AP Photo/Michelle R. Smith

Some census takers who falsified information during the 2020 count did not have their work redone fully, were not fired in a timely manner and received bonuses, according to the Associated Press.


“The findings released Friday by the Office of Inspector General raise concerns about possible damage to the quality of the once-a-decade head count that determines political power and federal funding,” the report said.

Reportedly, some census takers were pressured to enter false information into a computer logging system about homes they had not visited as the census drew to a close. College students living off-campus at colleges and universities were likely undercounted, since students were sent home from school at the onset of the COVID-19 pandemic. The census started around the same time.

Census supervisors were able to track their takers’ work in real time. Supervisors would get alerts when actions “raised red flags about accuracy,” such as a census taker recording information while at a different address or if a census taker conducted an interview in a few minutes. Some workers were sent back to people’s homes to conduct re-interviews.

The AP noted that the Inspector General’s report found that many of the alerts were not rectified:

The Inspector General’s probe concluded that some alerts weren’t being properly resolved, some re-interviews weren’t properly conducted and that the work of some census takers whose work had been flagged for falsifying data had not been reworked to fix its accuracy. In fact, some census takers whose work was flagged for falsifications were given more cases, weren’t fired and were reassigned to other operations, the report said.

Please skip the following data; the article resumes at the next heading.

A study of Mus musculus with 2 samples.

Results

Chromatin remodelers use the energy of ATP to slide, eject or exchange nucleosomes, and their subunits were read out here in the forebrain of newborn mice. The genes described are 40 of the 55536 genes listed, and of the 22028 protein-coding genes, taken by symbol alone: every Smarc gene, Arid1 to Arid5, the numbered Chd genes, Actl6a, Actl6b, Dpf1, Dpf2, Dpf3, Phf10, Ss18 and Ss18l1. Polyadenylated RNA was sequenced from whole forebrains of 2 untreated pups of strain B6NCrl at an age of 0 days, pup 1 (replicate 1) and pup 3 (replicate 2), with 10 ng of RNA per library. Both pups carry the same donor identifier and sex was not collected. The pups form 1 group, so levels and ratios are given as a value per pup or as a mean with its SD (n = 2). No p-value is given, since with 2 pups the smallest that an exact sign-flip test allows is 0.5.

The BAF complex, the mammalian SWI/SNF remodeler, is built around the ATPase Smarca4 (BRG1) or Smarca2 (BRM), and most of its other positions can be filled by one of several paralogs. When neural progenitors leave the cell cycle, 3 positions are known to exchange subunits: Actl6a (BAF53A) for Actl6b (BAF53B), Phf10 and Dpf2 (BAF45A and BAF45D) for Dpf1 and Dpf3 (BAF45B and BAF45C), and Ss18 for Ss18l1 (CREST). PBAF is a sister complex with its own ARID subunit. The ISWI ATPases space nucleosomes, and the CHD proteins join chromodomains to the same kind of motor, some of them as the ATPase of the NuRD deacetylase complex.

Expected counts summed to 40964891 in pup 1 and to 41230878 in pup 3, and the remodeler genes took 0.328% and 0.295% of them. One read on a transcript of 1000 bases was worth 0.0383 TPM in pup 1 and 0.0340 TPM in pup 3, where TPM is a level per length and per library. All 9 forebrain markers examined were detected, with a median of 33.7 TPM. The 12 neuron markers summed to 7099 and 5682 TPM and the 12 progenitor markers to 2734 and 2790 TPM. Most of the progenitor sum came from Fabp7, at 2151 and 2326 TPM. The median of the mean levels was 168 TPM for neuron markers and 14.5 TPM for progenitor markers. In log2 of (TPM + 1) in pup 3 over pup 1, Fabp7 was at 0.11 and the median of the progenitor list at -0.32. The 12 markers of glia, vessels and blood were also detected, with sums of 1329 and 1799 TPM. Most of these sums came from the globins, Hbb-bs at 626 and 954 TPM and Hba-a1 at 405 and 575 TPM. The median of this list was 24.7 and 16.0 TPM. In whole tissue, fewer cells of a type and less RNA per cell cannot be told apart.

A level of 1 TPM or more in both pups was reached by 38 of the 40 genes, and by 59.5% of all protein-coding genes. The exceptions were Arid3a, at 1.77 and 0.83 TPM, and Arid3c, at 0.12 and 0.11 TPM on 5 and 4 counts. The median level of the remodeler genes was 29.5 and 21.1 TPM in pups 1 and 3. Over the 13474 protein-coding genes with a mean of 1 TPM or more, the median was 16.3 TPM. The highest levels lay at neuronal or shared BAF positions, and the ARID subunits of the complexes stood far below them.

Of the 1,400 census takers who were designated “hard fails” because questions about the accuracy of their work, only 300 were fired for misconduct or unsatisfactory performance. Of the 1,400 “hard fail” census takers, 1,300 of them received bonuses ranging from $50 to $1,600 each, the report said.


In response, Census Bureau Director Robert Santos said that “we asserted that the findings could not and should not be presented as a conclusive assessment of overall census quality.”

The report from the Inspector General noted that the undercounting of college students for states and localities is “potentially far-reaching.”

Under Census Bureau rules, college and university students should have been counted where they spent the most time, either at on-campus housing or off-campus apartments, even if they were sent home because of the pandemic. Most schools didn’t provide the Census Bureau with off-campus student data, and the bureau had to use a last-resort, less-accurate statistical tool to fill in the information gaps on more than 10% of the off-campus student population when they were given the information, the Inspector General’s report said.

Schools often didn’t provide the data because they didn’t have information on off-campus students or because of privacy concerns. The Inspector General recommends passage of legislation that would require schools to provide needed information in future head counts.

Earlier this month, the city of Boston challenged its census figures, stating that the census missed thousands of students and inmates. 


“Boston deserves an accurate census count across every neighborhood and community,” MAyor Michelle Wu said in a statement. “This count is the foundation to assess the needs of all of our communities, ensuring that Boston receives crucial federal resources, and it should reflect our full numbers.”

Other cities, such as Austin, Detroit and Memphis have also challenged their census results.